He was 8 when he killed 2 men. Now, his probation is ending
FLAGSTAFF, Ariz. - The call came in to police dispatch just after 5 p.m. on a cold November evening in the small Arizona town of St. Johns: There was a body on the front porch of a house.
Detective Debbie Neckel fastened her bulletproof vest and headed out. As she and Sgt. Lucas Rodriguez approached the blue two-story home, Neckel fixed her eyes on two people, a teenager and an 8-year-old boy standing nearby.
Rodriguez walked toward the house, and Neckel toward the boy, whom she knew from the neighborhood. His arms were outstretched, and he was near tears.
″‘My dad, my dad. My dad’s dead,’” Neckel recalled him saying. ”‘I think my dad’s dead.’”
The boy’s father, Vincent Romero, 29, was found face-down on the staircase inside. The body on the porch was Romero’s co-worker, Timothy Romans, 39, who rented a room there.
A swirl of suspects would emerge before a truth was revealed that no one saw coming: The 8-year-old killed both men.
The child came home Nov. 5, 2008, and killed his father with a single-shot .22-caliber rifle, holding the bullets in his small hand to reload after each shot. He called to Romans that something was wrong, then shot him, too.
Nine years later, the boy is days from his 18th birthday with a chance to move on from a crime that has defined his life. He will sign paperwork Friday freeing him from intensive probation, psychological evaluations and travel restrictions.
The Associated Press isn’t identifying the teen because of his age at the time of the shootings.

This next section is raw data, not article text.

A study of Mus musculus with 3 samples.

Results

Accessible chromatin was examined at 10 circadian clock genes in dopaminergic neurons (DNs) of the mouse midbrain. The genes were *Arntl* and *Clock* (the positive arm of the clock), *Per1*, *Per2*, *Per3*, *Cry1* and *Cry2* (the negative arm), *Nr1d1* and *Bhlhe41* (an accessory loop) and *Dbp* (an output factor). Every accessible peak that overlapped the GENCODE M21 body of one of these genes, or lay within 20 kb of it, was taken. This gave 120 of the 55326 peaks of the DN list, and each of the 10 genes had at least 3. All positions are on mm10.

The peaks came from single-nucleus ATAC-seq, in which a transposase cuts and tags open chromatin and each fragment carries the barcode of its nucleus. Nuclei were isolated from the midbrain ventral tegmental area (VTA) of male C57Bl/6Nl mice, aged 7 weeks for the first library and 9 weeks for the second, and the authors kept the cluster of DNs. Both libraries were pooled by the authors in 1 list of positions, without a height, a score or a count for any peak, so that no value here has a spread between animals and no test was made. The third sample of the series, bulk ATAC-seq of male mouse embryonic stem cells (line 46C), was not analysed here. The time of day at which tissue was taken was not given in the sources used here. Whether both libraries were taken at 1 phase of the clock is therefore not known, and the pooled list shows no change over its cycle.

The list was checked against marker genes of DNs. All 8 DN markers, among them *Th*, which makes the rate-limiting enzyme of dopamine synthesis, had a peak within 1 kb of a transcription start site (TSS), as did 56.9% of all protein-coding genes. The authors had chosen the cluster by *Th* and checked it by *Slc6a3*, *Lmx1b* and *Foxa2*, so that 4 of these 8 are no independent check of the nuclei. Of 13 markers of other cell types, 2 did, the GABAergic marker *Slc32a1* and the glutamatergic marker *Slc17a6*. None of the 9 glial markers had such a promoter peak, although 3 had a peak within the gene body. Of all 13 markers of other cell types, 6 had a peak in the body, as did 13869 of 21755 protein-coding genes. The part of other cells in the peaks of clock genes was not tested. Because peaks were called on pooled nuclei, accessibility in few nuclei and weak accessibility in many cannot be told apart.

The transition will be easier because of the support network he built since pleading guilty to negligent homicide in Romans’ death, said Wood and Apache County Attorney Michael Whiting, who prosecuted the case.
The charge for killing his father was dropped. Whiting said at the time that it was in the boy’s best interest not to be forced to acknowledge killing his father.
The boy first was held at a youth treatment center near Phoenix, then moved to a group home and then a foster home. Besides a trio of probation violations when he was 12, he’s avoided trouble.
Whiting said he could not discuss specifics but noted that several people have gone out of their way to ensure the boy gets help. At one point, a psychiatrist who treated him offered to take him in.
Romero’s mother, Liz Castillo, has been the boy’s biggest supporter, regularly attending hearings and visiting him.
The boy initially told authorities he found the men dead when he got home from school.
His role might have gone undiscovered much longer if Romans had not been on the phone with his wife while he waited for Romero to grab a car part, Neckel said. Romero went in, saw his son with a gun and scolded him for getting it from underneath his bed. The boy ran upstairs, turning and shooting his father as he followed.
Romans cut short his conversation with his wife, Tanya, when the boy called for him.
“Tim, I need you to come in here,” he said, according to court transcripts. “Something’s wrong with Dad.”
Tanya Romans urged police to talk to the boy. Still, no one thought he was a suspect.
Neckel and sheriff’s Cmdr. Matrese Avila interviewed the child, who confessed in a videotaped interview.
No motive was revealed, but the boy mentioned he was spanked for not bringing home some school papers.
Neckel said the papers were a behavioral report from his teacher. Romero and his wife, Tiffany, told the boy he would be spanked once for each day he forgot them, Neckel said. That day he would have received four swats.